San Antonio/ Politics & Govt
Former San Antonio Mayor Ivy Taylor Joins UNC as Senior Adviser and ProfessorSource: UNCF.org

Former San Antonio Mayor Ivy Taylor is embarking on a new venture, trading in her mayoral accomplishments for academic aspirations as she assumes a position at the University of North Carolina. Taylor, who left her role as president of Rust College in Mississippi last May, will begin her tenure as a senior adviser within the UNC system this March, aiming to inspire future public servants at a time of pronounced political polarization.

Her forthcoming role also includes a position as a professor of practice at UNC Chapel Hill's School of Government where she will impart her knowledge of nonprofit governance. Taylor's ambitions, captured in an interview with the San Antonio Report, extend to developing university programs designed to train elected officials. "I hope that young folks that are starting out careers in government will think about the possibilities for the future, and not just be kind of discouraged by the current state of [politics] not just nationally, but some locally in some quarters," Taylor expressed.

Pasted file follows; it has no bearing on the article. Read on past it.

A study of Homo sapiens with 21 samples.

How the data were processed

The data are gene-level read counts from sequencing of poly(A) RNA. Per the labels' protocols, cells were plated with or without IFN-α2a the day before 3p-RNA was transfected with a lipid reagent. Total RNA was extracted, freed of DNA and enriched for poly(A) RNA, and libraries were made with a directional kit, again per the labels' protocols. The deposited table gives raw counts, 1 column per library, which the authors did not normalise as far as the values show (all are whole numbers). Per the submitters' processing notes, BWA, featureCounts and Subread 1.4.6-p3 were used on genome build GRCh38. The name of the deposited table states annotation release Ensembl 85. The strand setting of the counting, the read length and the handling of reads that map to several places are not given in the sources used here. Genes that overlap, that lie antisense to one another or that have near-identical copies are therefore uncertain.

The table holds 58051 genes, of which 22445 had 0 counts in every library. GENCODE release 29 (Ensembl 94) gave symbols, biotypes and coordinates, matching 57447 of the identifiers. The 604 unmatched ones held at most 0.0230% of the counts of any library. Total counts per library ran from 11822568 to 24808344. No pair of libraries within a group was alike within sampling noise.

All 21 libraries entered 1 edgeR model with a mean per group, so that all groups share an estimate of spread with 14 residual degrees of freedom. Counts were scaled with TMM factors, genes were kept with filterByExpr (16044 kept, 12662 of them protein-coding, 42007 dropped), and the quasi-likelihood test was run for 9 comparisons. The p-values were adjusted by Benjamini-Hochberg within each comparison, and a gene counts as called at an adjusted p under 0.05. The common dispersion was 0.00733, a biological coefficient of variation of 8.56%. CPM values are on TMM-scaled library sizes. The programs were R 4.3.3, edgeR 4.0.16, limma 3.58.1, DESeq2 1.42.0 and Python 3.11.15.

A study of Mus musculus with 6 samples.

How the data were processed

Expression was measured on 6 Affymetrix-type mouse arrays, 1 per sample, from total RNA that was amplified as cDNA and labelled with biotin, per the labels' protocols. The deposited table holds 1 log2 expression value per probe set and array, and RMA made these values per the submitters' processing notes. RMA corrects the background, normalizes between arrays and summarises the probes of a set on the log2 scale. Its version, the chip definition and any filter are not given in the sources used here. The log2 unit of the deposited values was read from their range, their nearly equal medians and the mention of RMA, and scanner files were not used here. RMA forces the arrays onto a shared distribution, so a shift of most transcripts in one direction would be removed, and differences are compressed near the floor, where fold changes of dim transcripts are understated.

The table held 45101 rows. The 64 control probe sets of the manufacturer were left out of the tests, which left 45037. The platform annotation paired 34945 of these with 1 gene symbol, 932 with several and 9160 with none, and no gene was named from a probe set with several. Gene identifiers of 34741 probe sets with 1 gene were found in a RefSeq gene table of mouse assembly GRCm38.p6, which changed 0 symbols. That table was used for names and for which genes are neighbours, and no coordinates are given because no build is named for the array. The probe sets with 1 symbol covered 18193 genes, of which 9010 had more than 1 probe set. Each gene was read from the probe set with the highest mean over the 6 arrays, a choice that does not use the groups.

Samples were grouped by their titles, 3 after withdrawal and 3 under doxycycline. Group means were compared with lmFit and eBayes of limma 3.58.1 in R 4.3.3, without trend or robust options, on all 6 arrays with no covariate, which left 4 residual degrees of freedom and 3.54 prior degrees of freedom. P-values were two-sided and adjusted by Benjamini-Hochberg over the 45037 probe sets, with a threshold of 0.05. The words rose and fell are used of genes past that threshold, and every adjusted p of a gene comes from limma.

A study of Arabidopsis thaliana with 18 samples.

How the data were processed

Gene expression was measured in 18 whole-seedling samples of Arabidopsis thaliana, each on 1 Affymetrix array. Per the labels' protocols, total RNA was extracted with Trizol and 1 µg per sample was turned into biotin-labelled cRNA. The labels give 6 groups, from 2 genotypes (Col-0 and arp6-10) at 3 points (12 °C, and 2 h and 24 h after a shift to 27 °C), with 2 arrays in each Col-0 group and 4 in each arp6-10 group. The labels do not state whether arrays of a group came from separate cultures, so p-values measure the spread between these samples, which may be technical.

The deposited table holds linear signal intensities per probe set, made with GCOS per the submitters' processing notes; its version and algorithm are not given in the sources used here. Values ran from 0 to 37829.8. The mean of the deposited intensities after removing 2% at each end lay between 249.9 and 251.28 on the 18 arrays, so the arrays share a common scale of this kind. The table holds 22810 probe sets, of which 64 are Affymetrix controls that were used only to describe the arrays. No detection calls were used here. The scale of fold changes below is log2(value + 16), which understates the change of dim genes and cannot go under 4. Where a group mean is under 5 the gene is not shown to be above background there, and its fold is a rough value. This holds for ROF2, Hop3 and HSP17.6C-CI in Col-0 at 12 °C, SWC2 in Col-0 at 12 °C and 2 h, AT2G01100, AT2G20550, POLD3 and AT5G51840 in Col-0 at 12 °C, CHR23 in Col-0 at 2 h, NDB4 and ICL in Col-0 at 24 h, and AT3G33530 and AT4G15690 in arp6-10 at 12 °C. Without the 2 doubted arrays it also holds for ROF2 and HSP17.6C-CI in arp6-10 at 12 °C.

Moreover, in a city basking in an aura of nostalgia, Taylor's official portrait was recently revealed at San Antonio's City Council chambers, where she served prior to her ascent to the mayoral office in 2014. Taylor, acknowledged as the city's first Black mayor, hopes her legacy reverberates with significance. "I hope that seeing my portrait hanging in the gallery will be an inspiration, especially to little Black girls," she told the San Antonio Report. The historic nature of her electoral victory in 2015 is not lost on her, nor is the desire for it not to be another four decades until the city elects another woman to their highest local office.

In reflection of her tenure as mayor, Taylor's pragmatic approach to leadership focused on bolstering San Antonio's economic standing without succumbing to the allure of flashy initiatives. A blueprint for San Antonio, which she laid out nearly 20 months into her mayoralship, steered the city towards global competitiveness through improved infrastructure and economic enhancements, as detailed in an article by the Express News. The deliberate stride she championed was of a "one San Antonio" ethos, seeking to create an environment where everyone had the "opportunity to prosper."